John Donne (1572-1631) is one of the great English poets. Commonly referred to as belonging to the Metaphysical school of poetry, a term that only was applied much later by writers and critics such as Samuel Johnson, much of Donne’s poetry is a rich mixture of sensuality and spirituality. Poe once defined poetry as the “rhythmical creating of beauty” and I think we can see that quality in this poem. After seeing the following poem referenced on Alte’s blog: http://traditionalchristianity.wordpress.com/2011/10/27/exploring-deep-desires/, I thought I might post it here. I don’t have much to say on this poem, except that is reveals how eroticism has always been a part of life, expressed by writers and artists of different cultures and temperaments, and, when done well, a fine object of any artistic endeavor. Donne describes well the beauties of undressing his mistress. Enjoy.
Elegy XIX: To His Mistress Going to Bed
by John Donne
Come, madam, come, all rest my powers defy,
Until I labor, I in labor lie.
The foe oft-times having the foe in sight,
Is tired with standing though he never fight.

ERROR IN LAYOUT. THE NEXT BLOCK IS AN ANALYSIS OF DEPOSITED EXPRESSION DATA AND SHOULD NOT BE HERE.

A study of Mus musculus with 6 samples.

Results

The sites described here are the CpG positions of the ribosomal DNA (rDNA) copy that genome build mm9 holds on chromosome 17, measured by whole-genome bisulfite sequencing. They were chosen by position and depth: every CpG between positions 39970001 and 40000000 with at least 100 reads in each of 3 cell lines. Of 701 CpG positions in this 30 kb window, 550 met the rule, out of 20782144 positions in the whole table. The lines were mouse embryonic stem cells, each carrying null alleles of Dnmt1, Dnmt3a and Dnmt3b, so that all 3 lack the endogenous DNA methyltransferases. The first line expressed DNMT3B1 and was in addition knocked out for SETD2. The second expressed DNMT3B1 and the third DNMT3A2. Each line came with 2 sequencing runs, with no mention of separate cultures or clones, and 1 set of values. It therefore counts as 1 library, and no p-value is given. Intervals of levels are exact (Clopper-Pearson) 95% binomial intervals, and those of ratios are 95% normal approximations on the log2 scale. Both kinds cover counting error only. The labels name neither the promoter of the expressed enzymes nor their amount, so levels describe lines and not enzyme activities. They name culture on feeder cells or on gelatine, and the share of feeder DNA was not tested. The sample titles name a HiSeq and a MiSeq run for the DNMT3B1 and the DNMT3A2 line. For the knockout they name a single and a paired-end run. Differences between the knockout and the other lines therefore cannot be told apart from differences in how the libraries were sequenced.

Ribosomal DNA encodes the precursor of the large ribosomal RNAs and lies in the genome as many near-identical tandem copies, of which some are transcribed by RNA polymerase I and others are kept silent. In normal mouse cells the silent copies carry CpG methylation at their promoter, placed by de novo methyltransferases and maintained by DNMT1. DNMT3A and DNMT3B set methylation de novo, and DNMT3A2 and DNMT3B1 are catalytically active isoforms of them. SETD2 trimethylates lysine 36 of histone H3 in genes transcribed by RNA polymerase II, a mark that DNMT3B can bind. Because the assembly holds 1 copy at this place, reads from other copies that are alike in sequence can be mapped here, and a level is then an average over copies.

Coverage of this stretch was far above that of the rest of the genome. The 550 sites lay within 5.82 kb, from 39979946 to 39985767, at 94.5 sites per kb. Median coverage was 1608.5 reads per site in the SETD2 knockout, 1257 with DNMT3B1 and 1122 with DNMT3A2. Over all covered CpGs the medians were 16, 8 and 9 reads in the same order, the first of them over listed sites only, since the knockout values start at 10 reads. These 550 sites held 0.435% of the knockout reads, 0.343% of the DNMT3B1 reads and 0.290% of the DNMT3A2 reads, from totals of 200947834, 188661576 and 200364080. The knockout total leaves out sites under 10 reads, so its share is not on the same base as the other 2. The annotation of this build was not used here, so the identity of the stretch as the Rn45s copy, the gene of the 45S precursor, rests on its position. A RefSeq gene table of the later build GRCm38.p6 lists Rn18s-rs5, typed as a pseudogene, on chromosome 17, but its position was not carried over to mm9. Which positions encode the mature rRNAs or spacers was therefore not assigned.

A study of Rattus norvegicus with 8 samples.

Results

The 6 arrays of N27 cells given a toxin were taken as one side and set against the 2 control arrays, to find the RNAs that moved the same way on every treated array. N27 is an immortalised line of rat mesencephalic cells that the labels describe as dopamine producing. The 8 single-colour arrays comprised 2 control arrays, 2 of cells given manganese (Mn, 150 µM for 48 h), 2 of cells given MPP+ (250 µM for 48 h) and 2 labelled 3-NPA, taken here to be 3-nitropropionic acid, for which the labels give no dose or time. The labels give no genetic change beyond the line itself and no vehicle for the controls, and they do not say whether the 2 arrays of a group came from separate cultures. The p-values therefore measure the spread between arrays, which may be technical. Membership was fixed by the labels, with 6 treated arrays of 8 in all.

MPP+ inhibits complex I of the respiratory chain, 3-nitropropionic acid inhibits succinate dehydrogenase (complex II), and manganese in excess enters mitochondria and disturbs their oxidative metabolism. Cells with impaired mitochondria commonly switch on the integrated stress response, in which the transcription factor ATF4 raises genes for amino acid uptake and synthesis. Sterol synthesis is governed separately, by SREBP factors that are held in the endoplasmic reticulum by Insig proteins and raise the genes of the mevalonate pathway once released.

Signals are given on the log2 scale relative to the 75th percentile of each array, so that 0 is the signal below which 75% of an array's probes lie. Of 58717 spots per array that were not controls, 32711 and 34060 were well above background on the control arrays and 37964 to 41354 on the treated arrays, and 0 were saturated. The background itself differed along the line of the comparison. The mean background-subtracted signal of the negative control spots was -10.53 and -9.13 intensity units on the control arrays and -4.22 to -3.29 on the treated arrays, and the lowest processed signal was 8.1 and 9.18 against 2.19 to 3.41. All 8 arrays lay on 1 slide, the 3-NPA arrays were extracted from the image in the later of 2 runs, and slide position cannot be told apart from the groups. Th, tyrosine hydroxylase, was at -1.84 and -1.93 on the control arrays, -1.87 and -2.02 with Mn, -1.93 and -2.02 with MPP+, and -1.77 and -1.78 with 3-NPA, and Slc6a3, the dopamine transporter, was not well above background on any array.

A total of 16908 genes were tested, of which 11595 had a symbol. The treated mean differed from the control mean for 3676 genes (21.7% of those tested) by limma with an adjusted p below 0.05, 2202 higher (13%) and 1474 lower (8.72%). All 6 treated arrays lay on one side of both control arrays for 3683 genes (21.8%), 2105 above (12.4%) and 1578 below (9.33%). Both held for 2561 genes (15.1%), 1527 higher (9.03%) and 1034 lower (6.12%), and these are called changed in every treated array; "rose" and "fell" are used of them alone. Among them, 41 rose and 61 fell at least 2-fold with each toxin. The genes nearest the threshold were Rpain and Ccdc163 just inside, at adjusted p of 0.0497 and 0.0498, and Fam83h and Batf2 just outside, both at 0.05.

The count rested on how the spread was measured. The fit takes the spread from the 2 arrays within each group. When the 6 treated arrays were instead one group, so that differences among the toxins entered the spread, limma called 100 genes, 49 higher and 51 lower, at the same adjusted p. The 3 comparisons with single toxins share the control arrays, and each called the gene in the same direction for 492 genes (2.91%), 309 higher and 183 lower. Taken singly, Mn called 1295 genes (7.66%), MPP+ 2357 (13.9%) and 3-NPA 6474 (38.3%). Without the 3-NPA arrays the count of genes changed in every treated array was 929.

Off with that girdle, like heaven’s zone glistering,
But a far fairer world encompassing.
Unpin that spangled breastplate which you wear,
That th’ eyes of busy fools may be stopped there.
Unlace yourself, for that harmonious chime
Tells me from you that now it is bed time.
Off with that happy busk, which I envy,
That still can be, and still can stand so nigh.
Your gown, going off, such beauteous state reveals,
as when from flowry meads th’ hill’s shadow steals.
Off with that wiry coronet and show
The hairy diadem which on you doth grow:
Now off with those shoes, and then safely tread
In this love’s hallowed temple, this soft bed.
In such white robes, heaven’s angels used to be
Received by men; thou, Angel, bring’st with thee
A heaven like Mahomet’s Paradise; and though
Ill spirits walk in white, we easily know
By this these angels from an evil sprite:
Those set our hairs on end, but these our flesh upright.
License my roving hands, and let them go
Before, behind, between, above, below.
O my America! my new-found-land,
My kingdom, safeliest when with one man manned,
My mine of precious stones, my empery,
How blest am I in this discovering thee!
To enter in these bonds is to be free;
Then where my hand is set, my seal shall be.
Full nakedness! All joys are due to thee,
As souls unbodied, bodies unclothed must be
To taste whole joys. Gems which you women use
Are like Atlanta’s balls, cast in men’s views,
That when a fool’s eye lighteth on a gem,
His earthly soul may covet theirs, not them.
Like pictures, or like books’ gay coverings made
For lay-men, are all women thus arrayed;
Themselves are mystic books, which only we
(Whom their imputed grace will dignify)
Must see revealed. Then, since that I may know,
As liberally as to a midwife, show
Thyself: cast all, yea, this white linen hence,
There is no penance due to innocence.
To teach thee, I am naked first; why than,
what needst thou have more covering than a man?